A Look at How Mush Plays with your Emotions [Review]

I’ve always been fond of platforming games so when Mush was announced for Windows Phone, I was quite excited. The game is like a hybrid of the PSP title Loco Roco and the DS title Super Princess Peach, where you must rotate the screen to control the direction of your characters while changing the emotions. The unique factor with Mush comes from the lush environments and the absolutely stunning music that accompanies you on your adventure.

The levels are laid out in increasingly difficult puzzles that you’ll have to use several different emotions to navigate, including a happy emotion which causes Mush to float in euphoria, while sad causes him to sink into a heavy depression. The other two emotions are confused and angry, both of which have their unique perks. Each level on the world select screen offers three worlds that feature the main emotion and upon completion, you’ll unlock a new emotion.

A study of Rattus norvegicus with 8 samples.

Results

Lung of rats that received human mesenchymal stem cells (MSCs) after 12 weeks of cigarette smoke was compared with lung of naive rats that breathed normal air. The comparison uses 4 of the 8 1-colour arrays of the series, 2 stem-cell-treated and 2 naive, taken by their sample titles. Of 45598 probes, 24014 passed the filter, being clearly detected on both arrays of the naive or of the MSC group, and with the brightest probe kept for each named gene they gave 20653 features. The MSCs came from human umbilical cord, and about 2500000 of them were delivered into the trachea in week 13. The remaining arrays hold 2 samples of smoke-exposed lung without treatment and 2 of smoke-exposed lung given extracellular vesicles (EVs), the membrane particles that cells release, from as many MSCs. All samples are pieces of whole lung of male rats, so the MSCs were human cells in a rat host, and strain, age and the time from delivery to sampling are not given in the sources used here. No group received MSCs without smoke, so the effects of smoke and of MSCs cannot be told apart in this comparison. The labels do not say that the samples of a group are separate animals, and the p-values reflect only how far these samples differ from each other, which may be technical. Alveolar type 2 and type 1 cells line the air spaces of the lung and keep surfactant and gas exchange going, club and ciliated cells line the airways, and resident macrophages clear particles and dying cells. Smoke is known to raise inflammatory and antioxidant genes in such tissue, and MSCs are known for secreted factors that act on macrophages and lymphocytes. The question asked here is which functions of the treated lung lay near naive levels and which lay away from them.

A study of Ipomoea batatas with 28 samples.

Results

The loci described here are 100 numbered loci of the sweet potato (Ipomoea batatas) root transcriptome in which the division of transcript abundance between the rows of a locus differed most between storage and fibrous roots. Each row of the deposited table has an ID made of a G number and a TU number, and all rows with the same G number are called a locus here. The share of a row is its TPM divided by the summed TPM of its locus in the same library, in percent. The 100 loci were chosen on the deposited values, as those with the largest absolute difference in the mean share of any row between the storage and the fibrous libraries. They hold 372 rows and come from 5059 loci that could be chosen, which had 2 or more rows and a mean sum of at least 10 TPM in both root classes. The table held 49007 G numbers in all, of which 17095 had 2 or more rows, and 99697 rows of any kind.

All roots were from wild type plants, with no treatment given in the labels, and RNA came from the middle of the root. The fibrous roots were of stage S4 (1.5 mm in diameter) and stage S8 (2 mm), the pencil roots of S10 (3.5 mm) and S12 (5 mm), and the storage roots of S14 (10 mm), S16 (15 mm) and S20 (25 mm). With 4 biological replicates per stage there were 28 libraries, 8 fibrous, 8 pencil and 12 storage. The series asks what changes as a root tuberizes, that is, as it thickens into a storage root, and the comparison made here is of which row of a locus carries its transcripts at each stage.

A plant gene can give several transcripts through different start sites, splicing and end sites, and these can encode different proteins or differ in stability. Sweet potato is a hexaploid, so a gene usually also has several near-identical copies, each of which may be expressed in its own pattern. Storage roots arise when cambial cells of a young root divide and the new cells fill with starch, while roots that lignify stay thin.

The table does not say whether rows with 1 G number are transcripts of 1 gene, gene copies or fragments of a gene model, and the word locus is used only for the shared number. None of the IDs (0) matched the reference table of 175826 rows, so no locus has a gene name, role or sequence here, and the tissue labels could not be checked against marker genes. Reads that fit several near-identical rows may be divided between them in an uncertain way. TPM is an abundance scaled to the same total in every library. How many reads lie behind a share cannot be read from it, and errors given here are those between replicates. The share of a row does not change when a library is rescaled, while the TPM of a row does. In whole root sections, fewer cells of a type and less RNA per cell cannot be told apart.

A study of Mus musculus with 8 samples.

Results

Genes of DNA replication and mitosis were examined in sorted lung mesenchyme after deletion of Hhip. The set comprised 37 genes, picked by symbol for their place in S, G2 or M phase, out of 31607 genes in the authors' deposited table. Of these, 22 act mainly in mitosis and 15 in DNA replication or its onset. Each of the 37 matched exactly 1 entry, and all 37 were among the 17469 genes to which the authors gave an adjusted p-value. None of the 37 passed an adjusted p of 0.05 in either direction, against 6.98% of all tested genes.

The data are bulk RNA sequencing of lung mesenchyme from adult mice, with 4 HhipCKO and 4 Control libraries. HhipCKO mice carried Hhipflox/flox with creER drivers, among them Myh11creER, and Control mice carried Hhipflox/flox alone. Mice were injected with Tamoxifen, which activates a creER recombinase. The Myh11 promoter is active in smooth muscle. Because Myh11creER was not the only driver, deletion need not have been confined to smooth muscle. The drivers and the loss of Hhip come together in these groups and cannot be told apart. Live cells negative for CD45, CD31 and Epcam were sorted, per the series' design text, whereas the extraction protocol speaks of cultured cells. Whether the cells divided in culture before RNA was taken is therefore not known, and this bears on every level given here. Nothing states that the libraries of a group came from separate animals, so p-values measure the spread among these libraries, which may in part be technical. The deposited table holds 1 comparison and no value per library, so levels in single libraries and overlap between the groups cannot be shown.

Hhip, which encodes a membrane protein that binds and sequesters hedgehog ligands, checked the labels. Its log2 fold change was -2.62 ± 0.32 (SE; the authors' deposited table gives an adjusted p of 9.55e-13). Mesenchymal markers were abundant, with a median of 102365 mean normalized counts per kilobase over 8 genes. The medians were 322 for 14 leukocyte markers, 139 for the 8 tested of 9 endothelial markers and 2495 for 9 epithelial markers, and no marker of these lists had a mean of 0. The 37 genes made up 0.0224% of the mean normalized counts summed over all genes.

The game features collectibles in the form of minimotes as well and you’ll need to be the corresponding emotion in order to pick up each minimote. For example, orange minimotes require Mush to be happy, while red minimotes require him to be angry. The overall feel of the game is very charming and the music for each of the sections is very nice. There’s even an option for those of you who enjoy the music to add it to your ringtone list.

Overall, Mush is a very charming platformer that offers a unique take on gameplay, however the game is short for what it is. While each level took me around 6 or 7 minutes to complete the first time while not on a minimote hunting streak, that equates to a max of around 2 to 3 hours to get through the 12 levels that are available. The only real replay value to the game is going back and replaying the levels to try and collect any minimotes you leave behind but once you’ve collected them all, the game is over.

I’d say for $2.99 Mush is an interesting experience for both the artwork and the music, but if you’re looking for a game that has longevity, Mush definitely isn’t it. If cute platformers are your thing, give Mush a go and let Angry Mango know what you think about their work.